The foundational thought behind libertarian logic is that to empower government to do one thing is to empower government to do something else, only worse.
So what's the big deal about Bloomberg wanting to restrict smoking?
Allow me to elucidate.
Few eyes batted when, in 1913, the federal government imposed its first real income tax. Sold as a soak-the-rich, pay-their-fair-share, and we-get-what-they-pay, the middle class didn't realize that empowering the government to soak the rich also empowered the government to drown the middle class in excessive taxation. That little pip-squeak of an income tax is now the 2,000-pound albatross that hangs around the neck of every American who dares venture into the workforce.
So what's the big deal about government controlling our smoking habits (I don't and never have), consumption choices, and entertainment venues?
The problem can be summarized simply by stating that "the power to take away one's beer can is the power to take away another's Bible.
Few axe-wielding prohibitionists considered that -- by empowering government to restrict guzzling at Joe's corner bar -- they were feeding the monster that would restrict sermonizing at the corner church, rip crosses and other religious symbols from courthouse lawns, and teach kiddies about the values of Islam (called cultural appreciation) while prohibiting Christian effects in government schools (called separation of church and state) .
Is there a connection between income taxes, free speech and religious liberty? Ask any Baptist or pentecostalist who dared do damage to the reputation of liberal democratic candidate. "Thus saith the Lord" can be a lead into a letter from the IRS announcing your tax-exempt status has been revoked. Disagree with militant gay hate groups? Don't utter a word from the pulpit, they are listening and it may require your ministry to include the federal government on its missionary roster via income taxes.
It's a Catch 22.
Billy Sunday built his ministry on advocating prohibition. But inviting the government to do God's work included censoring preachers and using the IRS as a means of enforcement. He didn't realize that. Sunday's ministry would be considered a hate group today; and he helped create that atmosphere of big government intrusion.
Billy Sunday was the fundamentalist Christian who invited big government to prohibit alcohol. Michael Bloomberg is the fundamentalist liberal who is inviting big government to prohibit smoking. They were/are both doing Government's work. (Note I capitalized Government; proper form when naming a deity.)
Preachers who pound pulpits are no problem, its when they pound pulpits and talk at the same time that Planned Parenthood takes note, tells the ACLU, demands the IRS investigate, and your church ends up adding money to the pile from which Planned Parenthood takes millions.
There is only one way to win: Go back to square one. Reaffirm the concepts wisely instilled by the founders in our principles of personal liberty. Then tell Bloomberg, "I may not like what you smoke, but will defend to the death your right to smoke it."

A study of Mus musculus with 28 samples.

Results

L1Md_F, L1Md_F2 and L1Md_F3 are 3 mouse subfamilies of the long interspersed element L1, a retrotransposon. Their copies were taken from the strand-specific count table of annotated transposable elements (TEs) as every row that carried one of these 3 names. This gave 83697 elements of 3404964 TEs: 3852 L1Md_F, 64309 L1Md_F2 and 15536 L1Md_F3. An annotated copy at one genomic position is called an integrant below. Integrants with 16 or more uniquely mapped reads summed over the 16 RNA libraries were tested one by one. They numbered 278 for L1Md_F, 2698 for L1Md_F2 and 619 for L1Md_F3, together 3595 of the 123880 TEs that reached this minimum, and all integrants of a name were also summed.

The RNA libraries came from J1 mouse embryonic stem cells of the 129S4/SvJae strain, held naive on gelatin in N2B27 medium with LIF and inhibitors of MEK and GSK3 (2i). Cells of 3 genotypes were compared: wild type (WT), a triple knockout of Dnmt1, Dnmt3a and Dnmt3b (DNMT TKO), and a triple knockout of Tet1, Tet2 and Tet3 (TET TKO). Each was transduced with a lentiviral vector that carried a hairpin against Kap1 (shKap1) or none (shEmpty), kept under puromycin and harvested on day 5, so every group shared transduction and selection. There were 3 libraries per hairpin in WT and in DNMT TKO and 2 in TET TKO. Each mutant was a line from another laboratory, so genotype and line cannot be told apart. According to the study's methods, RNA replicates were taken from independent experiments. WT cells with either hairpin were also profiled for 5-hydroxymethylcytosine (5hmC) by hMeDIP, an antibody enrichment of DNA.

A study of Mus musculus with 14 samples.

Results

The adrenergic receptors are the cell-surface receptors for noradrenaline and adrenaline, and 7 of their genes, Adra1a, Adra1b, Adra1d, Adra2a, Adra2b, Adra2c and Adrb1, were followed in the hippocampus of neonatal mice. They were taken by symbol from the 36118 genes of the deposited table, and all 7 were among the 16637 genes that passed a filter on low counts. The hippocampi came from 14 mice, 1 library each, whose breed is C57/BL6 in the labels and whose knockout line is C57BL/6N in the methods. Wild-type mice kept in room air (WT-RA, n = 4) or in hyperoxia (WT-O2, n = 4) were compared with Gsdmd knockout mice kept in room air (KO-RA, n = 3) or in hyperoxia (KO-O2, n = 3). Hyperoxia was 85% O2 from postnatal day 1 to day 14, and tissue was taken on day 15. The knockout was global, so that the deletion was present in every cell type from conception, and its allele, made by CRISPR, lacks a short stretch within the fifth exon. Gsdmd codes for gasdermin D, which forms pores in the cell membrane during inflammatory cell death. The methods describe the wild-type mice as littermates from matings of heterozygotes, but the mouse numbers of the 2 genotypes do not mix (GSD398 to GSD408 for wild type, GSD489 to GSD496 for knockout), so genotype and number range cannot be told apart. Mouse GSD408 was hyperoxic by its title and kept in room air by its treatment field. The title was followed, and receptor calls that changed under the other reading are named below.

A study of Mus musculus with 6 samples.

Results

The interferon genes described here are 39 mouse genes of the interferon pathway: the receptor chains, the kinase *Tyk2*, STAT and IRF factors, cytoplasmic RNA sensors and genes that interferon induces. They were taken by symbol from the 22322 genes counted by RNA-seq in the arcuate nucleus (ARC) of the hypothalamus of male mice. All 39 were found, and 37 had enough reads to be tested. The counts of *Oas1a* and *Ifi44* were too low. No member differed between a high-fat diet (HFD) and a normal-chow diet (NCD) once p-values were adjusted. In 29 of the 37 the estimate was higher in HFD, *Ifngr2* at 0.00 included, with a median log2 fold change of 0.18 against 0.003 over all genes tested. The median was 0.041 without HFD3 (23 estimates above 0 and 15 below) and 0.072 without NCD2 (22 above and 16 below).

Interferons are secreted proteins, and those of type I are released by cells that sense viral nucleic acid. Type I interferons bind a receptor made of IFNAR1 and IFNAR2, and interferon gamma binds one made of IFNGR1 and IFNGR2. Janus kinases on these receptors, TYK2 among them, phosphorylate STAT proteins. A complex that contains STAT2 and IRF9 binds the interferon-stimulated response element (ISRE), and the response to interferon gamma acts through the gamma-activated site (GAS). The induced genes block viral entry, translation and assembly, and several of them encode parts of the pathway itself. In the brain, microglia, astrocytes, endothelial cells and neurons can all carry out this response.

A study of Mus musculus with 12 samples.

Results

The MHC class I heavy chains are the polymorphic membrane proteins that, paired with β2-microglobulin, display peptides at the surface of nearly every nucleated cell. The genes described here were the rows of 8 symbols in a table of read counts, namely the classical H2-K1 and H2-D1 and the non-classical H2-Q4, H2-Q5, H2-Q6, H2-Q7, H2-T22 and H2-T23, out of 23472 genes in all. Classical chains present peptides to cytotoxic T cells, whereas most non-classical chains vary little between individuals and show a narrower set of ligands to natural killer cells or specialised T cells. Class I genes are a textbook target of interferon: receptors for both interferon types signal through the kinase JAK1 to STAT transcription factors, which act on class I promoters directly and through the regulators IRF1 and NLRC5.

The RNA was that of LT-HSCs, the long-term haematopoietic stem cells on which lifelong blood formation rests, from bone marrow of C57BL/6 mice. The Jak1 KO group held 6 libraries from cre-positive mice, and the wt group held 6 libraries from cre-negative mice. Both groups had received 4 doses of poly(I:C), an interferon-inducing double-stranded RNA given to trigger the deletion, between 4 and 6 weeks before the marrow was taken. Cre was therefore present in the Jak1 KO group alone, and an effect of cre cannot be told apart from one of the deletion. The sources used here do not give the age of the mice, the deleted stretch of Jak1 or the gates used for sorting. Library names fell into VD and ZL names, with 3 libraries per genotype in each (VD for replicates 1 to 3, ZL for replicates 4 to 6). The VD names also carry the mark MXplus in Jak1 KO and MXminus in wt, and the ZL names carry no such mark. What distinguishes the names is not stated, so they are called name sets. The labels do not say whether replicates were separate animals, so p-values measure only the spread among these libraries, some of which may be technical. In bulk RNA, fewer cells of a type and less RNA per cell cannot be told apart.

Bloomberg’s anti-cig push: Smoking ruins sex
By Carl Campanile / New York Post
Mayor Bloomberg has begun a hard-sell campaign to discourage young people from smoking: It could destroy their sex lives.
The city Health Department’s “NYC Quits” Web site warns that young men who smoke cigarettes are more likely to suffer erectile dysfunction in middle age.
And females are more likely to become infertile.
“Men who smoke can have trouble getting and keeping an erection. Quitting smoking can decrease the risk of erectile dysfunction,” the site says.
Male impotence, or ED, is caused by a lack of sufficient blood flow to the penis. Inhaling carcinogen-laden tobacco smoke for years can lead to ED because it disrupts the ability of the heart to pump the necessary level of blood needed to achieve and maintain an erection, studies found.
Smoking also restricts the flow through blood vessels and causes hardening of the arteries.
More than 30 million men in the US suffer from ED, and that number is expected to double by 2025. Many are smokers.
And there’s a scary message for women as well.
“Women who smoke have more difficulty getting and staying pregnant. Research suggests that smoking, especially in adolescence and young adulthood, may increase the risk of moderate to severe premenstrual syndrome,” the site warns.
Research shows that smoking is harmful to ovaries, accelerating the loss of eggs and reproductive functions and may advance the time of menopause, according to the American Society of Reproductive Medicine
A smoking-rights group slammed the messages as another overblown scare campaign.
“The biggest wet noodle around here has been Bloomberg. His idea of civil liberties is the equivalent of erectile dysfunction,” said Audrey Silk of Citizens Lobbying Against Smoker Harassment.
“The ‘greatest generation’ — the group with the heaviest smoking prevalence — came back from World War II and produced the baby boom. Does that sound like erectile dysfunction to you?” Silk said.
City health officials defended linking its anti-smoking campaign to sexual health.
“If you think smoking is sexy, think again,” said Health Department spokesman Sam Miller.